Robert L. Schulz, Appellant, ═ v. United States; Internal Revenue Service, Terry Cox, Appellees., United States Court of Appeals FOR THE EIGHTH CIRCUIT, No. 06-2891, Filed: September 13, 2007
Robert L. Schulz, Appellant, ═ v. United States; Internal Revenue Service, Terry Cox, Appellees.
United States Court of Appeals FOR THE EIGHTH CIRCUIT
Filed: September 13, 2007
Appeal from the United States
District Court for the
District of Nebraska.
Submitted: September 4, 2007
Filed: September 13, 2007
Before WOLLMAN, COLLOTON, and BENTON, Circuit Judges.
Robert Schulz appeals the district court's 1 order declining to quash a third-party summons issued to PayPal by the Internal Revenue Service (IRS). We affirm.
1 ═ The Honorable Richard G. Kopf, United States District Judge for the District of Nebraska.
The district court determined that the IRS issued the summons within its authority under 26 U.S.C. ╖ 7602, as interpreted in United States v. Powell , 379 U.S. 48, 57-58 (1964). According to Powell , to obtain enforcement of summons, the IRS "must show that the investigation will be conducted pursuant to a legitimate purpose, that the inquiry may be relevant to the purpose, that the information sought is not already within the [IRS's] possession, and that the administrative steps required by the [Internal Revenue] Code have been followed." Id . A court, however, "may not permit its process to be abused," and "[s]uch an abuse would take place if the summons had been issued for an improper purpose, such as to harass the taxpayer or to put pressure on him to settle a collateral dispute, or for any other purpose reflecting on the good faith of the particular investigation." Id . We conclude that the district court did not clearly err in its determinations under Powell , and that Schulz did not meet his burden to show that the IRS abused the summons process or lacked good faith. See United States v. Norwood , 420 F.3d 888, 892 (8th Cir. 2005); United States v. Dynavac, Inc. , 6 F.3d 1407, 1414 (9th Cir. 1993).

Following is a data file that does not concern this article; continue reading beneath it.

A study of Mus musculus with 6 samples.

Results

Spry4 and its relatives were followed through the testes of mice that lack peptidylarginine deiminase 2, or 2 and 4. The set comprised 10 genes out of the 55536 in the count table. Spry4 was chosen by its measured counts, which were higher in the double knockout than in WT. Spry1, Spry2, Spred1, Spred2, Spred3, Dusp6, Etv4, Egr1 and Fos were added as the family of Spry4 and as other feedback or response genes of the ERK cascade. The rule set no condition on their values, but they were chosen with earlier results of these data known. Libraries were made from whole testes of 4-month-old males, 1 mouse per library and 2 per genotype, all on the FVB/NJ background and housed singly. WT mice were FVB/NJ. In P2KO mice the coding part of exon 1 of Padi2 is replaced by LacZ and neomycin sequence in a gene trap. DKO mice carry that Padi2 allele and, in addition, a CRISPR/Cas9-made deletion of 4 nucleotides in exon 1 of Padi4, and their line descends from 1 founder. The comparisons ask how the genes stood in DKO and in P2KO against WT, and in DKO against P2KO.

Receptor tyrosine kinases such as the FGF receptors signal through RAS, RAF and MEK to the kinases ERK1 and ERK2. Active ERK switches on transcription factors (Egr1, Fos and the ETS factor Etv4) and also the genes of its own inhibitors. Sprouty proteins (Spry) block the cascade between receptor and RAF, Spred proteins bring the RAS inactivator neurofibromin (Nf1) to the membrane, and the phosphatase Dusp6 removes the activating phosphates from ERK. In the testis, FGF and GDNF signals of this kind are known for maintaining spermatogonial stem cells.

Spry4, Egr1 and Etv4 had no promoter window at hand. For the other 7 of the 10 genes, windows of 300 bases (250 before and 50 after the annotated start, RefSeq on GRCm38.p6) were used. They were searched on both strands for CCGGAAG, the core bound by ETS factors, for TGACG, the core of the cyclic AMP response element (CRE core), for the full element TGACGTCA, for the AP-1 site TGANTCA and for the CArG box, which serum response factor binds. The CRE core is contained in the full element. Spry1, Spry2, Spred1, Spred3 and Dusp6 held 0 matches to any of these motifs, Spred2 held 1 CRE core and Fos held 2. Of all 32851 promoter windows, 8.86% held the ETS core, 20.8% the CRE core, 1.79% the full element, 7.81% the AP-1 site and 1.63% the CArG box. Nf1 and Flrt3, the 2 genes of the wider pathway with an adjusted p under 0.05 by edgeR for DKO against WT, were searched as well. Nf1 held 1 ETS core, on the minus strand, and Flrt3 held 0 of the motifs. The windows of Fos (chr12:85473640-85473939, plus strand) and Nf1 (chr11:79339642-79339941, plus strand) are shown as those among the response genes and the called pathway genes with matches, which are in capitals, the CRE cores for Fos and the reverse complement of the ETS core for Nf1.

We also hold that the district court did not abuse its discretion in denying Schulz's request for an evidentiary hearing. See United States v. Nat'l Bank of S.D. , 622 F.2d 365, 367 (8th Cir. 1980) (per curiam). A district court has discretionary authority to deny a hearing in summons enforcement proceeding, and an evidentiary hearing is necessary only where substantial deficiencies in summons proceedings are raised by party challenging summons. Id .
Finally, we conclude that Schulz's constitutional arguments challenging the IRS's authority to enforce the tax laws are without merit.
Accordingly, the judgment is affirmed. See 8th Cir. R. 47B.